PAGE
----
Cardiac Involvement in Patients with Chronic Fatigue Syndrome as Documented with Holter and Biopsy Data in Birmingham, Michigan, 1991-1993

A. Martin Lerner, James Goldstein, Chug-ho Chang, Marcus Zervos, James T. Fitzgerald, Howard J. Dworkin, Claudine Lawrie-Hoppen, Steven M. Korotkin, Marc Brodsky, and William O'Neil.

Infectious Disease in Clinical Practice, 1997;6:327-333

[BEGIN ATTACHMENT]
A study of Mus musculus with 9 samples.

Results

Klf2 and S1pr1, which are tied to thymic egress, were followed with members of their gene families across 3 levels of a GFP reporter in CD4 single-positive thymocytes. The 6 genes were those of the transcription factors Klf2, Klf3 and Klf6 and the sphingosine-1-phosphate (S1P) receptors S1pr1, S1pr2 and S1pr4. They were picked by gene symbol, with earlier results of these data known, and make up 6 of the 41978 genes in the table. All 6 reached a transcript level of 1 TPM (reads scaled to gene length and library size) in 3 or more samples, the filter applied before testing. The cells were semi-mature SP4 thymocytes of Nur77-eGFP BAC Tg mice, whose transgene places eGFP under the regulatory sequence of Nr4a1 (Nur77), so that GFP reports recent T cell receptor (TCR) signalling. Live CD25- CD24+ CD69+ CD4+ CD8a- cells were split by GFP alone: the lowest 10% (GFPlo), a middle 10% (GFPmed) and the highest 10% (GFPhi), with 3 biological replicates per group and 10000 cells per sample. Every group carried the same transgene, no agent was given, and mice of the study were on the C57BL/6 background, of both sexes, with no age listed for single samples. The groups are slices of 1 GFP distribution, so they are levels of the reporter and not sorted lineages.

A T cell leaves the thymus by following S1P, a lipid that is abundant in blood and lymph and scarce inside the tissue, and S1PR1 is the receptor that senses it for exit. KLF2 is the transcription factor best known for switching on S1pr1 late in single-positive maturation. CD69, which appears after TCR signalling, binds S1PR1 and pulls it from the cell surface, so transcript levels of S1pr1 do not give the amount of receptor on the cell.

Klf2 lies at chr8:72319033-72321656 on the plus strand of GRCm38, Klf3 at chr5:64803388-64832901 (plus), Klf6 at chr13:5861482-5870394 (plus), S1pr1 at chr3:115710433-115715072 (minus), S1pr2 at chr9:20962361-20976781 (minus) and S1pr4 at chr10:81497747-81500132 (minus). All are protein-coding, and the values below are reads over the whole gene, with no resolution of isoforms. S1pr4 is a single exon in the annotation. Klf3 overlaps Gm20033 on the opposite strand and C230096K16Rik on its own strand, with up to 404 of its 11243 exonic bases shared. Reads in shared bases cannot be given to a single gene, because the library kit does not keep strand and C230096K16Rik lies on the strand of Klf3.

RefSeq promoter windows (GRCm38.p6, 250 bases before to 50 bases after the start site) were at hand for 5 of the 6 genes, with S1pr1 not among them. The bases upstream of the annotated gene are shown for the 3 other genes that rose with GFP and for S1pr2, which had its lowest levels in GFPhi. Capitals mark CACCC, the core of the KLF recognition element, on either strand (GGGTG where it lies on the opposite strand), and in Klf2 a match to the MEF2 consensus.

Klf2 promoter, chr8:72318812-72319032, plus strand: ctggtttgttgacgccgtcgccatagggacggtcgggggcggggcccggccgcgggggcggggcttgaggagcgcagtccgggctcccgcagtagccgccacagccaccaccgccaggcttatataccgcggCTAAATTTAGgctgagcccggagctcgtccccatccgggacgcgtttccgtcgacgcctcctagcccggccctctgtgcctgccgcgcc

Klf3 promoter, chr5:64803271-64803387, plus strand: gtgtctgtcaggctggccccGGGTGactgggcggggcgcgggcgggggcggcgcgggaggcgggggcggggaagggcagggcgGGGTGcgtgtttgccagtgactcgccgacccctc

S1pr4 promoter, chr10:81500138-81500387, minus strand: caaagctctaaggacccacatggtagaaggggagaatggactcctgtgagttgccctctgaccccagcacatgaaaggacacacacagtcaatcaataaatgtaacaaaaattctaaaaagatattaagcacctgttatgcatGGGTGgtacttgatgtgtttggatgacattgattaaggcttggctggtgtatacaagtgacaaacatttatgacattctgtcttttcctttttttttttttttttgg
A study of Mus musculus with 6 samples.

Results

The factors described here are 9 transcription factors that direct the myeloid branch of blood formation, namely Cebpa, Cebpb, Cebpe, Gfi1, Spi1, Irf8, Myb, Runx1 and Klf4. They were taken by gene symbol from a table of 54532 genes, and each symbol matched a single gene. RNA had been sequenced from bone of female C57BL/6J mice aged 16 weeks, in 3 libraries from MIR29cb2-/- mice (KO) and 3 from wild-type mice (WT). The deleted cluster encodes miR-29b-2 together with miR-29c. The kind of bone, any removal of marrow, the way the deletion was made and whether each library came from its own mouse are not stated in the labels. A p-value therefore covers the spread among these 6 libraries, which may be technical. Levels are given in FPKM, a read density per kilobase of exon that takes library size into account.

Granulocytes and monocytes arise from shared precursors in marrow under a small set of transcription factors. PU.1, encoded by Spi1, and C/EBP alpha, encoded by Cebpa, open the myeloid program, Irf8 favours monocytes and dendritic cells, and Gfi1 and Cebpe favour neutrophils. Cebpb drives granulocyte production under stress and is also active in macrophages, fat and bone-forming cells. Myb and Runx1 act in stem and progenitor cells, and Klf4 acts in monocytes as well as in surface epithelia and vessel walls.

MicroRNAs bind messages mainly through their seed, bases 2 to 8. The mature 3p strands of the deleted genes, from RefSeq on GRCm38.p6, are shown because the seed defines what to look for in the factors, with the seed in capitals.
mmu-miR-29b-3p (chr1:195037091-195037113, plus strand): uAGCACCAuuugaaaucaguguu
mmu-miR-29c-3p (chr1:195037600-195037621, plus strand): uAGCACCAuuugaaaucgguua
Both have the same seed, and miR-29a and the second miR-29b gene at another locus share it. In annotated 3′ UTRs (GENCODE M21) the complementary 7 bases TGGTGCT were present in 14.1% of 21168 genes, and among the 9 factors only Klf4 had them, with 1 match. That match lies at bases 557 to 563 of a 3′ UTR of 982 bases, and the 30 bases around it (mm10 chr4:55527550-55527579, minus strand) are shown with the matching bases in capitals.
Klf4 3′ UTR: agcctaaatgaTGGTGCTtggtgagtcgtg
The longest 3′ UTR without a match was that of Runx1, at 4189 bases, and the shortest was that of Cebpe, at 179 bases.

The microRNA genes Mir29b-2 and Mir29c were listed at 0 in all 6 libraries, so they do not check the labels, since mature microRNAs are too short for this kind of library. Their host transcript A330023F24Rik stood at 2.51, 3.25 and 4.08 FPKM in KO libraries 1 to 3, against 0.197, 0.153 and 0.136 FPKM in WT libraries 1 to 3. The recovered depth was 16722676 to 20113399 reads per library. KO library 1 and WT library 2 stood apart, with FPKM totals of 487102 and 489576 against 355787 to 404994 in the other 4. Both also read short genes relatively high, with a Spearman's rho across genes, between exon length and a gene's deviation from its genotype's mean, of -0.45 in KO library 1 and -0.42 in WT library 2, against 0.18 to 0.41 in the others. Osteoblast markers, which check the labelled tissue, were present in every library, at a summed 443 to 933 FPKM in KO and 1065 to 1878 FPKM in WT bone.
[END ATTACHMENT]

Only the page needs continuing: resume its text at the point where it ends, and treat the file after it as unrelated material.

We report the prevalence of abnormal oscillating T-waves at Holter monitoring in a consecutive case series of 67 chronic fatigue syndrome (CFS) patients from an infectious diseases center in Birmingham, Michigan, in the years 1991-1993 , and compare these abnormal T-waves to similar tests in 78 non-CFS patients matched for age, place, time, and the absence of known other confounding medical diseases. Patients in both groups had normal resting 12-lead electrocardiograms (ECGs), rest/stress myocardial perfusion studies (thallium 201 or TC-99 sestamibi studies and two-dimensional echocardiograms (except for the incidental findings of mitral valve prolapse without significant regurgitation or, an incidental nonsignificant aortic stenosis). The prevalence of labile T-wave abnormalities by Holter monitoring was greater in CFS patients than in non-CFS patients (P<.01). Repetitive T-wave flattening was a sensitive indicator of the presence of CFS. The absence of these abnormal T-waves made the diagnosis of CFS unlikely (statistical sensitivity, 0.96). The combination (e.g., the presence of both oscillating T-wave flattenings plus T-wave inversions) was an accurate indicator of the possible presence of CFS. Right ventricular endomyocardial biopsies in CFS patients showed a single patient with lymphocytic myocarditis. Light and electron microscopic cardiomyopathic changes were present in the others.